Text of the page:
11/06/2015, 00.00

Known for his activism in favour of democracy and human rights since 1989, Wu Zeheng has already spent 11 years in prison for writing an open letter criticising the government. For human rights activist, “He is the victim of both religious suppression and political persecution”.

Beijing (AsiaNews) – The Zhuhai City Intermediate People’s Court convicted Buddhist leader Wu Zeheng on charges relating to his religious group’s alleged activities, i.e. organising or using an illegal cult to undermine implementation of the law (12 years), rape (life), fraud (14 years), and production and sale of harmful food (6 years). Wu was also fined 7.15 million yuan.

In reality, the authorities targeted Wu for his beliefs and peaceful activities, including his human rights activism, which dates back to his time as a student leader in the 1989 pro-democracy movement.

For human rights activists in China and abroad, the decision is a disgrace, an attack on religious freedom and political rights.

Known as Zen Master Xingwu, Wu founded the Buddhist-inspired Huazang Dharma group in the early 1990s. Inspired by the principles of justice and freedom, the group has attracted thousands of members. For the authorities, it is instead a subversive group.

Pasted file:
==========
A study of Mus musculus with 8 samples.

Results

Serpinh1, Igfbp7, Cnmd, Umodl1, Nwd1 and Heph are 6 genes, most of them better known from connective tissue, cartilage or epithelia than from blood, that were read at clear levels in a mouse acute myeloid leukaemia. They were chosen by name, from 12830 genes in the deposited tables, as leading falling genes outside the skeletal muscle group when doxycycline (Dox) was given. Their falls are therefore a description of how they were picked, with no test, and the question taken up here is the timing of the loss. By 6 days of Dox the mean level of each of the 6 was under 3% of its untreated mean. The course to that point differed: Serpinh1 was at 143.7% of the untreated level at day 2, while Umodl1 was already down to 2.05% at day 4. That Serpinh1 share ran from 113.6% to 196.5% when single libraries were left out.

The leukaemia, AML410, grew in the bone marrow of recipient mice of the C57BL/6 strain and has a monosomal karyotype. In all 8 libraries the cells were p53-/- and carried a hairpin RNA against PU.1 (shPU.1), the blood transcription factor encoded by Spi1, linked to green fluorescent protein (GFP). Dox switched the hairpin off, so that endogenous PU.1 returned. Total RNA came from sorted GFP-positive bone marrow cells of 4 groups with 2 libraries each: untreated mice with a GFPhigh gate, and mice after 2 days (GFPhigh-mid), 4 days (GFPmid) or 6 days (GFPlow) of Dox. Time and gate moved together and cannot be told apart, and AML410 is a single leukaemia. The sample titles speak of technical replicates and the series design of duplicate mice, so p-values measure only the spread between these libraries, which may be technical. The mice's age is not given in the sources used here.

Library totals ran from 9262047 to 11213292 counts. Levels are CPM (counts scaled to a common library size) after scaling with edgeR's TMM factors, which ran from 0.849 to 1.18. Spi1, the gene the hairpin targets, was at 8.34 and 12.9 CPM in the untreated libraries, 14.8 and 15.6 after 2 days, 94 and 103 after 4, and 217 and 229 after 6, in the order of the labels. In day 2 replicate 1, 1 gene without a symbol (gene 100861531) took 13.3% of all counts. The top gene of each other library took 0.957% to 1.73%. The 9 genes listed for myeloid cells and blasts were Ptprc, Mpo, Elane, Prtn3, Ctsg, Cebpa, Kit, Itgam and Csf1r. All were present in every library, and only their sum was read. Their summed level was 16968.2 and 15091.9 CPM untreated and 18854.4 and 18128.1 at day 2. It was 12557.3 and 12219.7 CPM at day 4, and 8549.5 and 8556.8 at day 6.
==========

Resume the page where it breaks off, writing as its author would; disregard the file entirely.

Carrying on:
Wu’s conviction is not his first time he had a brush with the law. In 2000, a Beijing court had sentenced him to 11 years in prison for “economic crimes” after he sent open letters to senior Chinese Communist Party leaders criticising corruption within the Party and authorities’ infringements of citizens’ religious liberties.

During his past imprisonment, Wu reported being subject to torture and other forms of mistreatment, including sleep deprivation, solitary confinement, and forced labour.

Along with Wu, the Zhuhai court also sentenced three of his disciples – Ms Meng Yue, Ms Yuan Ming, and Mr Zhao Weiping – to between three and four years’ imprisonment.

“Wu’s life sentence is an outrage. He is the victim of both religious suppression and political persecution,” said Renee Xia, international director for the Chinese Human Rights Defender (CHRD), an NGO that includes domestic and overseas Chinese human rights activists and groups.

“This case,” she adds, “further exemplifies the government’s ramping up of its assault against independent religious and spiritual groups whose growing influence is perceived as a threat.”